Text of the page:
Wisconsin's trees are starting to paint hillsides, trails, shorelines, parks and backyards into an autumn kaleidoscope, and state forestry officials say if the weather cooperates it could be a spectacular fall color season.
Unlike last year -- when parts of Wisconsin saw scattered trees turning color prematurely and even drop their leaves in mid-August due to the dry summer -- this year trees have enjoyed adequate rainfall and have grown beautiful and healthy foliage.
"As the days get shorter, and the nights longer and cooler, the fall colors will begin developing. Ideal conditions for a brilliant fall color season include warm sunny days with cool nights," said Bill McNee, a forest health specialist with the Wisconsin Department of Natural Resources.
While predicting the arrival of fall color is challenging because the weather is in control, McNee says so far it looks like the season appears to be on target for its usual run of about September 10 to mid-October.
"Last year trees without enough water started to shut down early to reduce further water losses. This means they went through color change earlier than they normally would. When there is a lot of rain and plenty of water for the trees, the colors can be delayed by a little bit - about a week," Mc Nee said.
Some northern area trees are already starting to show some signs of color, says Carmen Hardin, DNR forestry management section chief.
"While the main show for fall leaves is still ahead, these trees with early color are most likely under some stress -- maybe from wet soils with recent rains or damage from bugs, she said.
McNee adds he has spotted trees turning color in west central areas. "And that also is possibly due to stress."
Wisconsin tourism officials at Travel Wisconsin say the foliage colors are nature's free show for residents and the always-welcome tourists. So popular is this annual season that Travel Wisconsin hosts its own fall color report (exit DNR) where in-state travelers and visitors can click on a map of the state to get the latest updates on fall color in that location.
Why do trees turn color?
When you strip away the green and all the gorgeous color appears, you're left with the question 'why?' Why do the trees do this amazing magic trick every year? McNee gives this brief explanation:
In late summer, broadleaved trees respond to lengthening nights and cooling temperatures by reducing levels of a green pigment known as 'chlorophyll' that is used in photosynthesis (the production of sugars in the leaves).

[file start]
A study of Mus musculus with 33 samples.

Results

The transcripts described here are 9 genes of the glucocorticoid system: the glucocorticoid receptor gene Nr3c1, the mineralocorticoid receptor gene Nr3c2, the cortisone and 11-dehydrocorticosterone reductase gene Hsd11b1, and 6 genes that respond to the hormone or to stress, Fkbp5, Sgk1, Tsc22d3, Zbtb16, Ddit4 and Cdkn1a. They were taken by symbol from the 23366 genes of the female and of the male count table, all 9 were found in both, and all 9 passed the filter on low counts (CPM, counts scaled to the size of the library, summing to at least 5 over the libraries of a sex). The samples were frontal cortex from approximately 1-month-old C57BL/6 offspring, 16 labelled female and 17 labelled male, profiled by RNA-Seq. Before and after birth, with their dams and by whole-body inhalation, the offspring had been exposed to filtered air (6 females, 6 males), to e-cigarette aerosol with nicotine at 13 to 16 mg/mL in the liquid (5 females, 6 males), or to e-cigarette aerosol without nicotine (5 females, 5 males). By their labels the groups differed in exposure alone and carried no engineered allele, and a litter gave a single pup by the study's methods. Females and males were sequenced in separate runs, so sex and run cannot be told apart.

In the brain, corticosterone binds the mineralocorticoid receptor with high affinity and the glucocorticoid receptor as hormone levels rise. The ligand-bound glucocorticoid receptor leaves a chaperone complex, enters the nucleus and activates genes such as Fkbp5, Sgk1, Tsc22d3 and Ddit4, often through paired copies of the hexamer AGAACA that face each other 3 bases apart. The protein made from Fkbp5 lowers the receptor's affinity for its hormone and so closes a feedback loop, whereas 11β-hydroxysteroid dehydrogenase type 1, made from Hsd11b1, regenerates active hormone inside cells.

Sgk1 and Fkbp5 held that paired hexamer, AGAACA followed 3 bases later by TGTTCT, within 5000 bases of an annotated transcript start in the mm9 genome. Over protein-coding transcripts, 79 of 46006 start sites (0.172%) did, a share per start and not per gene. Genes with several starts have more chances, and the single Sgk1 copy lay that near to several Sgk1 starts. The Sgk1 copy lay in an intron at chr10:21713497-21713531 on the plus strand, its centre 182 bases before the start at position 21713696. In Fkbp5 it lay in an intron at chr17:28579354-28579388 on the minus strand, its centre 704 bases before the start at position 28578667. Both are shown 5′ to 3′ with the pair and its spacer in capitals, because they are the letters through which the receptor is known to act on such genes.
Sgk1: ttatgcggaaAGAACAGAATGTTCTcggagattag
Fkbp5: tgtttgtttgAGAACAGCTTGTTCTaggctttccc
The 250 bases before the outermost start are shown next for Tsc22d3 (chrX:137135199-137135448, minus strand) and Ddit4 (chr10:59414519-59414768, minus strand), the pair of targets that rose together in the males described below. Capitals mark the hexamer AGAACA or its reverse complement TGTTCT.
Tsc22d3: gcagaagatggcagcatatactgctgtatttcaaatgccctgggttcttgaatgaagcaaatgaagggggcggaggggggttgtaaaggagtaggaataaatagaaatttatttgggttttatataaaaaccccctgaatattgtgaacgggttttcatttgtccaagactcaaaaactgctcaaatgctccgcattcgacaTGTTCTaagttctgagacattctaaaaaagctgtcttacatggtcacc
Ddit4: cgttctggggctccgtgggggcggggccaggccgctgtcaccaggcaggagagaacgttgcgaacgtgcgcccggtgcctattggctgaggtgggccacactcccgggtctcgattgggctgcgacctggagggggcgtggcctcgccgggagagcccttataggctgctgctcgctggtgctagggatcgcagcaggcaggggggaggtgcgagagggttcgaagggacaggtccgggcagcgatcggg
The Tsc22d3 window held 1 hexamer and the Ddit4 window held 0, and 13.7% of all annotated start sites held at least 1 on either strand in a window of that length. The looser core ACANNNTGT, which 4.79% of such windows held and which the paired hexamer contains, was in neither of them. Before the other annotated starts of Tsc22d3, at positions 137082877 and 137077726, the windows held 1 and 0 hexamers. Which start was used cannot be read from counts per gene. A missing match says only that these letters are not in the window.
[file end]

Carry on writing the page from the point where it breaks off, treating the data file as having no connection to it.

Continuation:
This unmasks orange and yellow 'carotenoid' pigments that are also present in the leaves, giving them time to show off.
Red and purple fall colors have a different origin, and are due to 'anthocyanin' pigments that are actively produced in late summer at the same time as the green 'chlorophyll' deteriorates.
The brightest red and purple colors appear when autumn days are bright and nights are chilly but not freezing, because these conditions increase production of the red and purple pigments. Orange and yellow colors tend to be fairly constant from year to year because the orange and yellow pigments are always present in the leaves.
"And while most focus on the brilliant colors of maple, aspen and oak," Hardin adds, "don't forget about surprising golden needles found on tamarack - a conifer that drops its needles every year."
To learn more about the science, visit the DNR's EEK page: Why Do Leaves Change Color?
Where to go for a view?
Anywhere in the state. It's all a matter of keeping track where the color is traveling.
Keep in mind Wisconsin's State Forests - Black River, Brule, Flambeau, Governor Knowles, Havenwoods, Northern Highland-American Legion, Point Beach, Peshtigo River, and Kettle Moraine's four units. These are great for viewing. And there are parks, trails, nature areas and more. All are found by searching the DNR website for keywords "find a park."
With the state trails and parks, picnics, hiking, boating, cycling and more will be even more enjoyable - if that's possible - with such an incredible sea of color all around. Get out and enjoy Wisconsin in this transition season known for its incredible science show of color choreographed by Nature.